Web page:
Inequalities in healthcare disruptions during the Covid-19 pandemic: Evidence from 12 UK population-based longitudinal studies
Giorgio Di Gessa,
Michael J Green,
Ellen J Thompson,
Anna J Stevenson,
Alex S. F. Kwong,
Richard J Silverwood,
Claire J Steves,
George B Ploubidis,
Srinivasa Vittal Katikireddi
Posted 12 Jun 2021
medRxiv DOI: 10.1101/2021.06.08.21258546
Posted 12 Jun 2021
Background: Health systems worldwide have faced major disruptions due to COVID-19 which could exacerbate health inequalities. The UK National Health Service (NHS) provides free healthcare and prioritises equity of delivery, but the pandemic may be hindering the achievement of these goals. We investigated associations between multiple social characteristics (sex, age, occupational social class, education and ethnicity) and self-reported healthcare disruptions in over 65,000 participants across twelve UK longitudinal studies. Methods: Participants reported disruptions from March 2020 up to late January 2021. Associations between social characteristics and three types of self-reported healthcare disruption (medication access, procedures, appointments) and a composite of any of these were assessed in logistic regression models, adjusting for age, sex and ethnicity where relevant. Random-effects meta-analysis was conducted to obtain pooled estimates. Results: Prevalence of disruption varied across studies; between 6.4% (TwinsUK) and 31.8 % (Understanding Society) of study participants reported any disruption. Females (Odd Ratio (OR): 1.27 [95%CI: 1.15,1.40]; I2=53%), older persons (e.g. OR: 1.39 [1.13,1.72]; I2=77% for 65-75y vs 45-54y), and Ethnic minorities (excluding White minorities) (OR: 1.19 [1.05,1.35]; I2=0% vs White) were more likely to report healthcare disruptions. Those in a more disadvantaged social class (e.g. OR: 1.17 [1.08, 1.27]; I2=0% for manual/routine vs managerial/professional) were also more likely to report healthcare disruptions, but no clear differences were observed by education levels. Conclusion: The COVID-19 pandemic has led to unequal healthcare disruptions, which, if unaddressed, could contribute to the maintenance or widening of existing health inequalities.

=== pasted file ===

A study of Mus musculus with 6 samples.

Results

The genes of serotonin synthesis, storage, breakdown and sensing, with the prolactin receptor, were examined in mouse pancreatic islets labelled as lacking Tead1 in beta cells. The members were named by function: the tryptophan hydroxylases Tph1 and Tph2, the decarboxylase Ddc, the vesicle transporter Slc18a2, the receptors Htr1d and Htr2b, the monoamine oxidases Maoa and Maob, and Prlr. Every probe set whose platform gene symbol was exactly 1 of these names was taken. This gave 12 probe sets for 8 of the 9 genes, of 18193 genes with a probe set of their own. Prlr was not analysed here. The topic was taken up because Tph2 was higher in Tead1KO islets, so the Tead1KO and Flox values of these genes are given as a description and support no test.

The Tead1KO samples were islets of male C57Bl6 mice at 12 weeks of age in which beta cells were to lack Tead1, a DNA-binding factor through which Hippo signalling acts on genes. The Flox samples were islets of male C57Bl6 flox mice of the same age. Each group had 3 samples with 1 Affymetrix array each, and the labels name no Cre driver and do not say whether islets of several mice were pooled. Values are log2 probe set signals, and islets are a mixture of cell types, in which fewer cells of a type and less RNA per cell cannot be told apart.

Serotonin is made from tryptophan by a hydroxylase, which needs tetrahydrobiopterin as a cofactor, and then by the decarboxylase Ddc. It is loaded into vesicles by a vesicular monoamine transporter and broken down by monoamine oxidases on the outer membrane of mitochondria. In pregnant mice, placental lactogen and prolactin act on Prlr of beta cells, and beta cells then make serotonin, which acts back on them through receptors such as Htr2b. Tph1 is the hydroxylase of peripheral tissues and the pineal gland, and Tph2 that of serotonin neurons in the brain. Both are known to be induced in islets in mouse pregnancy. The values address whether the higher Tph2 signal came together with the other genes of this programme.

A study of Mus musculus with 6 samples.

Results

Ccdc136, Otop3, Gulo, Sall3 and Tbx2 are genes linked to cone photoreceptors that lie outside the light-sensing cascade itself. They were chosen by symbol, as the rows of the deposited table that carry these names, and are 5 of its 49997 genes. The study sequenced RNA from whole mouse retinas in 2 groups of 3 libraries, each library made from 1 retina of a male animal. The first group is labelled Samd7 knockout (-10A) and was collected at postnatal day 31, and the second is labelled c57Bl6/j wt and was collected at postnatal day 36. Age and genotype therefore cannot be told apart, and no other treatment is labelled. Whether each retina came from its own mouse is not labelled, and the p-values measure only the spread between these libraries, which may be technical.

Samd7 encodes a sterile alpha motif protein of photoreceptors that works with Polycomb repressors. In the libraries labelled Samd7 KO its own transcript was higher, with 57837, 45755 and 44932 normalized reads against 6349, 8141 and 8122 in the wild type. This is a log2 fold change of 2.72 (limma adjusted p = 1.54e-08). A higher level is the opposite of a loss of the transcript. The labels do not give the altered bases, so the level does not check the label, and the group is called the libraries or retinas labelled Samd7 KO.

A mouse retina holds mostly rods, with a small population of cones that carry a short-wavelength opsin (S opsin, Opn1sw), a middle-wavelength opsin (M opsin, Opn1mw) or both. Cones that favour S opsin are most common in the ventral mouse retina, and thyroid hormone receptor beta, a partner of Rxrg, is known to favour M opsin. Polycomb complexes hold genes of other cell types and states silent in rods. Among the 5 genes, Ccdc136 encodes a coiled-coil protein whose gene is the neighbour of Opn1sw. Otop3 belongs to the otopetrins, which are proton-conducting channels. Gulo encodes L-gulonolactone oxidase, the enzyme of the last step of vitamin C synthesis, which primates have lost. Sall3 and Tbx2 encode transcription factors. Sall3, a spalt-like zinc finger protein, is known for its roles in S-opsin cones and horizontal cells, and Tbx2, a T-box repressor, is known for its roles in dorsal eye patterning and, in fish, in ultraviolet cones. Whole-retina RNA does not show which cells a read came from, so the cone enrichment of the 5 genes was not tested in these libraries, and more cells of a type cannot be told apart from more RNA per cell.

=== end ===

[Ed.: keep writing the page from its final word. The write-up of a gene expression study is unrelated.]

- Downloaded 1,130 times
- Download rankings, all-time:
- Site-wide: 30,483
- In health systems and quality improvement: 54
- Year to date:
- Site-wide: 27,062
- Since beginning of last month:
- Site-wide: 25,261
Downloads over time
Distribution of downloads per paper, site-wide
- 27 Nov 2020: The website and API now include results pulled from medRxiv as well as bioRxiv.
- 18 Dec 2019: We're pleased to announce PanLingua, a new tool that enables you to search for machine-translated bioRxiv preprints using more than 100 different languages.
- 21 May 2019: PLOS Biology has published a community page about Rxivist.org and its design.
- 10 May 2019: The paper analyzing the Rxivist dataset has been published at eLife.
- 1 Mar 2019: We now have summary statistics about bioRxiv downloads and submissions.
- 8 Feb 2019: Data from Altmetric is now available on the Rxivist details page for every preprint. Look for the "donut" under the download metrics.
- 30 Jan 2019: preLights has featured the Rxivist preprint and written about our findings.
- 22 Jan 2019: Nature just published an article about Rxivist and our data.
- 13 Jan 2019: The Rxivist preprint is live!